Global trade in creative goods increasing

Kathmandu, August 15:

Global trade in creative goods and services grew by 8.7 per cent annually from 2000-2005. An UNCTAD database providing trade statistics on creative goods and services cover about 235 products related to heritage, arts, media and functional creations.

The database’s statistics are based on information reported by national sources to the UN, states a report. Currently it shows global trade flows for 1996-2006. The statistics are available as tabular reports, country profiles, tables and charts. Selected products are listed along with the major exporters/importers in major markets for such creative products as art and crafts, music CDs and video/films.

The Creative Economy Report 2008, released by UNCTAD/UNDP showed that global trade in creative goods and services grew by 8.7 per cent annually from 2000-2005, making it one of the most vibrant sectors in world commerce. The value of exports of creative goods reached $335.5 billion in 2005, according to figures reported by over 130 countries, while exports of creative services totaled $89 billion.

Trade in creative products is dominated by developed countries — they account for about 90 per cent of exports of music and audiovisuals and the world’s poorer nations have achieved rapid growth in the creative sector recently. One noteworthy trend is that printed media are facing challenges due to the growing influence of electronic publishing. In Europe, which has the world’s highest rate of broadband Internet penetration, circulation of printed newspapers is declining. By contrast, in developing countries where competition from electronic publishing is less of a factor because of expensive and limited Internet access, the circulation of printed newspapers seems less affected.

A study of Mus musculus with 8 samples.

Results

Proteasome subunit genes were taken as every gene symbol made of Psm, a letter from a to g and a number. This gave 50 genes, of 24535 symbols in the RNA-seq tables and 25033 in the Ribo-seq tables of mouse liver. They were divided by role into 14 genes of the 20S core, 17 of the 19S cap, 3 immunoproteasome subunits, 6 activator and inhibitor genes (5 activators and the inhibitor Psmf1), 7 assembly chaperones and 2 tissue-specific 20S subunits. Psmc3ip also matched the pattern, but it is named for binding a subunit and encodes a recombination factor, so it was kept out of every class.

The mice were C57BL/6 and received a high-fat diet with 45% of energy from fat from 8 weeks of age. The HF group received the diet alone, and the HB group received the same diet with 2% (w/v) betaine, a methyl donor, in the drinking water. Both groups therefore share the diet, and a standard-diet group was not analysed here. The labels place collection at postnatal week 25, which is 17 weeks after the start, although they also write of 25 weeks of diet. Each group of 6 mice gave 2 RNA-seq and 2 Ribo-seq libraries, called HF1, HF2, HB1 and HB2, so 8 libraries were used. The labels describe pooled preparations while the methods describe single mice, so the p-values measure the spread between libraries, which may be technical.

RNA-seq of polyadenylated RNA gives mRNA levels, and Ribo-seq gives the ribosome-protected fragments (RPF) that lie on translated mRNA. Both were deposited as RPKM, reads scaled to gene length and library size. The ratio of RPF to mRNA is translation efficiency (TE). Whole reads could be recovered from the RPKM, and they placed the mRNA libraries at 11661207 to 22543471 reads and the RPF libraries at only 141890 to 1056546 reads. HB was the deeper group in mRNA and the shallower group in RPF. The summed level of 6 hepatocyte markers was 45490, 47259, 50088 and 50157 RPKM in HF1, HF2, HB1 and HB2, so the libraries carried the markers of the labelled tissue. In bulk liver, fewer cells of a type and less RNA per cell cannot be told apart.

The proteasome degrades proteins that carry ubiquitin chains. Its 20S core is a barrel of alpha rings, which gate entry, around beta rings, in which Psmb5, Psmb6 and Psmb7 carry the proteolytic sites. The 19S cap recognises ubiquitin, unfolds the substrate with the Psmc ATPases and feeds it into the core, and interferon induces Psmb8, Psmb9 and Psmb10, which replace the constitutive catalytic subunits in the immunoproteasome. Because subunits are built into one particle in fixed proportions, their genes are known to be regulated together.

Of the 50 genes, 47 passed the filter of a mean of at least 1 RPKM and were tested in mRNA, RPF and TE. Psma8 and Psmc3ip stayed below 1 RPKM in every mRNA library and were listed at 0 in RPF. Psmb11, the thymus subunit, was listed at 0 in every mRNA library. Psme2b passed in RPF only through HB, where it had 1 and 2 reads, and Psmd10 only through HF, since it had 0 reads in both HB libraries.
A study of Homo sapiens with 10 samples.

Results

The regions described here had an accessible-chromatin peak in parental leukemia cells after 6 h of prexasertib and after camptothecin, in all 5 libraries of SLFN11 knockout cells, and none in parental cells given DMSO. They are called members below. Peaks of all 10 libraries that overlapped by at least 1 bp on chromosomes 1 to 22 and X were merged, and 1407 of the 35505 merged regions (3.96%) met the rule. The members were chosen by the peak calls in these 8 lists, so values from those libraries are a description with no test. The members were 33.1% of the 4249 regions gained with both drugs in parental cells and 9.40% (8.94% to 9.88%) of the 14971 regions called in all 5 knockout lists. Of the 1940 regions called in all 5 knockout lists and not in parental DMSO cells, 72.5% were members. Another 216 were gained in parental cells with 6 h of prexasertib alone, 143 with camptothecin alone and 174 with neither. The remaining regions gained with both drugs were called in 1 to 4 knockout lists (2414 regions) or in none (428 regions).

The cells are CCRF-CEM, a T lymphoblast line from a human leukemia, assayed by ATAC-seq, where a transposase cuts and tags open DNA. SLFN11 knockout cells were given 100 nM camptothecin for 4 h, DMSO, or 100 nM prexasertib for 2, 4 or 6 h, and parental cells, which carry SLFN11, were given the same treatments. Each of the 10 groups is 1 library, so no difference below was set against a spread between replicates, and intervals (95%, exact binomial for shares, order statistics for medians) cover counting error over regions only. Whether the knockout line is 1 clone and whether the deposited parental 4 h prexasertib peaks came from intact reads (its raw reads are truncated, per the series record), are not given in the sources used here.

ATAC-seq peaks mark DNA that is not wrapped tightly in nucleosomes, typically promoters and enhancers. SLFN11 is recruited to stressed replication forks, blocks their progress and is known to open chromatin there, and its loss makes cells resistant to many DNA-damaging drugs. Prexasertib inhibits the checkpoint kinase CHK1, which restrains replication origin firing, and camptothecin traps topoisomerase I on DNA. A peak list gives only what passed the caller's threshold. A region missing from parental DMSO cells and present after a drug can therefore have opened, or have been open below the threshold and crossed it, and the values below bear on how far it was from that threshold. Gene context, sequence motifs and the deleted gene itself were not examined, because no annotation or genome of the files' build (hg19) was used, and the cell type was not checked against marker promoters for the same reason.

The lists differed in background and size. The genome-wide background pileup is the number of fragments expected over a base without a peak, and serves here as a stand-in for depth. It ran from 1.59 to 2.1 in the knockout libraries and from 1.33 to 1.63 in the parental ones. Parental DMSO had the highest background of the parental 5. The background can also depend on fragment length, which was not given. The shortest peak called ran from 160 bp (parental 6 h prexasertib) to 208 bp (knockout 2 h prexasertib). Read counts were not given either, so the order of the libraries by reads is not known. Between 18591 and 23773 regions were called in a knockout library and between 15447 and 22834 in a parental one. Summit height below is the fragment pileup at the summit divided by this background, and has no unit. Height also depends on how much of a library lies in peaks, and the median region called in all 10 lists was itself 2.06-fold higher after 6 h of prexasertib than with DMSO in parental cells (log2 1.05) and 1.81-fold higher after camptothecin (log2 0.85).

Worldwide, the database shows, global sales of published material and printed media (all kinds of news circulated as newspapers, magazines, books etc) had a growth rate of three per cent for 2000-2005, with exports amounting to $15.3 billion in 2005, states the release.

Governments, enterprises, creative community — including independent artists/creators, academia, media and international institutions — are all potential end-users that provides factual trade data by products, countries and regions.